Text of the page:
Despite numerous losses and setbacks, the Allman Brothers Band has stood the test of time since its inception in 1969. The pioneers of Southern rock included original members brothers Duane Allman (slide guitar and lead guitar) and Gregg Allman (vocals, organ, songwriting), along with Dickey Betts (lead guitar, vocals, songwriting), Berry Oakley (bass guitar), Butch Trucks (drums), and Jai Johanny "Jaimoe" Johanson (drums).
Their debut record, The Allman Brothers Band, met with immediate critical acclaim upon its 1969 release and a burgeoning cult following got underway. It was followed by 1970's Idlewild South which saw increased sales and even more critical positivity.
In the next year came At Fillmore East which proved to be an artistic and commercial breakthrough for the band while showcasing the Allman Brothers Band's unique blend of jazz, classical, blues, and rock. Some of the extended performances set a standard for jam bands that still stands today.
Later in 1971, Duane Allman was killed in a motorcycle accident, but the band trudged on. A year later, Oakley also perished in a motorcycle accident that occurred three blocks from the site of Duane's collision. Lamar Williams replaced Oakley while Chuck Leavell joined on piano so as not to be seen as trying to replace Duane.
Eat a Peach was the group's 1972 offering with Brothers and Sisters coming the next year. A track on the latter, "Ramblin' Man," climbed the Billboard singles chart up to number two. Major concert and television appearances continued to fuel the expansion of the Allman Brothers reach. Their success also paved the way for other Southern rock groups like Lynyrd Skynyrd and the Marshall Tucker Band.
As drug abuse and personality conflicts were tearing at the fabric of the band, they issued Win, Lose or Draw in 1975. They managed to keep it together for one more year until Gregg Allman was arrested on drug charges and agreed to testify against the band's tour manager. That was the breaking point. Betts set out on his solo career, with Leavell, Johanson, and Williams joining forces for Sea Level.
Capricorn Records released a compilation and another live album, neither of which sold well. Then, in 1978, the group got back together for Enlightened Rogues with Dan Toler and David Goldflies taking the spots vacated by Leavell and Williams. A label change also followed, landing the group on Arista Records. After a couple more weak releases, the guys disbanded once again in 1982.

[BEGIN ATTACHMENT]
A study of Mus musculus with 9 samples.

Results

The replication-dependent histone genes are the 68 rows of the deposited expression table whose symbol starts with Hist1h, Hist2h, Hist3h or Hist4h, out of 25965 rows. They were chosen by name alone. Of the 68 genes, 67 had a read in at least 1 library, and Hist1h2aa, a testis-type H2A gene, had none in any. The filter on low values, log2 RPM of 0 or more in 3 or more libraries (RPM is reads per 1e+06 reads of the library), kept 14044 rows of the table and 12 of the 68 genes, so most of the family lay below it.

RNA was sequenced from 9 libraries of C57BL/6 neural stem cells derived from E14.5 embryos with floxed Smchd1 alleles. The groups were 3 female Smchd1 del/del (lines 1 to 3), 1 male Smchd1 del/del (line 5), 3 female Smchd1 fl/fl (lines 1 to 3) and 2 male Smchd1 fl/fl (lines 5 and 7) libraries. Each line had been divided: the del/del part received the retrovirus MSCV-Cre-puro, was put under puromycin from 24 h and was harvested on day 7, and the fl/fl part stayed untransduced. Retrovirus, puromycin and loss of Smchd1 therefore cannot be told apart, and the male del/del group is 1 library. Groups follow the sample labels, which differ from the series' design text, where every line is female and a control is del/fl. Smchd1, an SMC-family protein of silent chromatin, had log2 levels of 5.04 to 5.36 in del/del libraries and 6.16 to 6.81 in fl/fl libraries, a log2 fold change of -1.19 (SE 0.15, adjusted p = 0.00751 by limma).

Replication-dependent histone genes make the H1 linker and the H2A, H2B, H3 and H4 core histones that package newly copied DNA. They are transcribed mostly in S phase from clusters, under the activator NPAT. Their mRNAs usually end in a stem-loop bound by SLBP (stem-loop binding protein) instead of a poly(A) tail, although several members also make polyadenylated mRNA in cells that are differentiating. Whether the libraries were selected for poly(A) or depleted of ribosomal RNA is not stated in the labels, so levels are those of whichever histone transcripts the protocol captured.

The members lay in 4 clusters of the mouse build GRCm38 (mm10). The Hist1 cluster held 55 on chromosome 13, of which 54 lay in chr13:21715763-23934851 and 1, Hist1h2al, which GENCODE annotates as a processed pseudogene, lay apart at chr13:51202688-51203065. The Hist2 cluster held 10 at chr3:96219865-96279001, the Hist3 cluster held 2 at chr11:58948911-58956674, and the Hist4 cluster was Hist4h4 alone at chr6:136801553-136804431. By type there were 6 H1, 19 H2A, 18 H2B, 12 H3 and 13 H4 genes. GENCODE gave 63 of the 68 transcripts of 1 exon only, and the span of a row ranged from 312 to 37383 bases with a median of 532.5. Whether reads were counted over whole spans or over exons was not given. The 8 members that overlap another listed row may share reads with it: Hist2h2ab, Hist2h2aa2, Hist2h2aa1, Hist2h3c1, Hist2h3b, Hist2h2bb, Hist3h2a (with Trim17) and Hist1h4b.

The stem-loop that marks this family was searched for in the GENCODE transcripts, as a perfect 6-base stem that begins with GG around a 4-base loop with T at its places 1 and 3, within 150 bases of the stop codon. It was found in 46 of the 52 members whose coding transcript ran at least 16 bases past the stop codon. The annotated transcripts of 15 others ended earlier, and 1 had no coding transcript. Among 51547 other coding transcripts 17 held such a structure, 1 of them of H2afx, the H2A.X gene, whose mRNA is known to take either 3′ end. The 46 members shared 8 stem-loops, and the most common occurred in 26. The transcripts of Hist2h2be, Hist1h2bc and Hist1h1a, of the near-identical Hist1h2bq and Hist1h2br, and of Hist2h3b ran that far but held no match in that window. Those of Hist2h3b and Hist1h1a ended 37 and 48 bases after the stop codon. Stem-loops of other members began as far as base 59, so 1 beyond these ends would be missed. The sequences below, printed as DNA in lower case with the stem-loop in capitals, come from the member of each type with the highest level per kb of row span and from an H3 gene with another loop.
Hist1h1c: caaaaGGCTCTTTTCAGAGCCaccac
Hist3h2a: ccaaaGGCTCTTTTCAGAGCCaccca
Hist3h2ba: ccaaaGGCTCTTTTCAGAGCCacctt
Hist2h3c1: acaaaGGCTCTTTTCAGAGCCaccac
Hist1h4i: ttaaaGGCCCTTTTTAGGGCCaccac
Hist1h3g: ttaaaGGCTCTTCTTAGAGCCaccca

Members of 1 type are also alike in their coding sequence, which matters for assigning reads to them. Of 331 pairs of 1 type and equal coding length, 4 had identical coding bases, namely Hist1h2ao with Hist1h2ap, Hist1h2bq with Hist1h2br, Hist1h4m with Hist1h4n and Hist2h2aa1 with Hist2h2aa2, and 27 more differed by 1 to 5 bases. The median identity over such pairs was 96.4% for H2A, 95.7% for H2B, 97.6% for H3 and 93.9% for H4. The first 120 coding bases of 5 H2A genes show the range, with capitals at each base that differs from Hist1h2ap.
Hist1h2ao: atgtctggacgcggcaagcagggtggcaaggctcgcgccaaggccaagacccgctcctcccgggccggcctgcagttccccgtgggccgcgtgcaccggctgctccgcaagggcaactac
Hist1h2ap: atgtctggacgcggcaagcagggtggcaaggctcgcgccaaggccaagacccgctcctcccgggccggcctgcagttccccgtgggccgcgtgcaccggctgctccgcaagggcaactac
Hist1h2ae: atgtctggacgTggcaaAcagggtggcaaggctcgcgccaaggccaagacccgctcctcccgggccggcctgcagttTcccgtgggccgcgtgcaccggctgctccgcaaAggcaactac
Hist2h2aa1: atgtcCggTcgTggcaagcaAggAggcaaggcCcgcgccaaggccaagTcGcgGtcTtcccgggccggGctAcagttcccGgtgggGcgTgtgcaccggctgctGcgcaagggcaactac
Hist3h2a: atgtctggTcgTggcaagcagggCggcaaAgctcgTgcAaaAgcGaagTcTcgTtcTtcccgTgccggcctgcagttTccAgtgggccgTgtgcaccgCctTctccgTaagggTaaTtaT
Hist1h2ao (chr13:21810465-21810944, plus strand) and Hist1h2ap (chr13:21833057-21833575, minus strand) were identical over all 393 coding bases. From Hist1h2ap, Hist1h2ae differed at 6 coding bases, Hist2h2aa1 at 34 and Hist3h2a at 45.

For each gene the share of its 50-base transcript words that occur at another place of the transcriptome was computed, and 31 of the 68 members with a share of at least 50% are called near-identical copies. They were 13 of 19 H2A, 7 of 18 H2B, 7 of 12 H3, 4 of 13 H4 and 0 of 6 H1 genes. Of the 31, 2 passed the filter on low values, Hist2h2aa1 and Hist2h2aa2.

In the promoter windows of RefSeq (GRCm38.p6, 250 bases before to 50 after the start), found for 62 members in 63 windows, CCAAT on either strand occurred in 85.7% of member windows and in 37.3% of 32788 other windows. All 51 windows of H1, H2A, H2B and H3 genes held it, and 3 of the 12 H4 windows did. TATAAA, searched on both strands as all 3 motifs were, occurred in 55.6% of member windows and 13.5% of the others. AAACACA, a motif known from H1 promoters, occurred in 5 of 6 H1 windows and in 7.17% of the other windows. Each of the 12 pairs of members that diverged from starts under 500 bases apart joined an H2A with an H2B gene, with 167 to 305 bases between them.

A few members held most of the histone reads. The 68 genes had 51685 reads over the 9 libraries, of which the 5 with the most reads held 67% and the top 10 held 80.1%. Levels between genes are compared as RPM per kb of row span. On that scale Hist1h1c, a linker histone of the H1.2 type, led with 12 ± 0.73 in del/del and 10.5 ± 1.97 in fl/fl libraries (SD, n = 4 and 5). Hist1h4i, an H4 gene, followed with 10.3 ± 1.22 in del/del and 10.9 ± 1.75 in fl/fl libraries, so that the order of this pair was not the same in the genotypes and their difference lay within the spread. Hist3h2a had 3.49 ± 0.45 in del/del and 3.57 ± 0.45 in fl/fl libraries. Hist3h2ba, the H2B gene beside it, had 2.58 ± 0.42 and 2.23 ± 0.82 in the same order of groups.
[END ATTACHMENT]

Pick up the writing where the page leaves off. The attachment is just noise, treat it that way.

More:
After a few years dabbling in spin-off projects, the Allman Brothers Band came together for some benefit concerts in 1986. Subsequent to that, the camps were divided into the Gregg Allman Band and the Dickey Betts Band, both of which signed to Epic Records in 1987 and released collaborative efforts.
Riding the wake of Gregg Allman's minor radio successes, the Allman Brothers Band took another stab at it in 1989, releasing Seven Turns to honor their 20th anniversary. The set met with favorable reviews. Shades Of Two Worlds (1991) and Where It All Begins (1994) followed suit. In 1995, the group was inducted into the Rock and Roll Hall of Fame while 1996 brough a Grammy award win.
Personnel changes continued, including an ugly ousting of Betts in 2000 which led to a lawsuit. Warren Haynes, who became a member via the Dickey Betts Band, had been splitting his time between Gov't Mule and the Allman Brothers. In 2001, he signed on full-time to the Allmans, even producing 2003's Hittin' the Note.
More Grammy wins came in 2003 and 2004, while Rolling Stone named Duane Allman, Haynes, Betts, and Derek Trucks (who joined the Allman fray in 1999) to their 100 Greatest Guitarists of All Time list with Duane at number two.
With Haynes and Trucks attracting a younger audience, the Allman Brothers Band began reaching a new generation with appearances at festivals like Bonnaroo. After receiving the Legend of Live Award at the 2008 Billboard Touring Awards, the group celebrated 40 years together in 2009.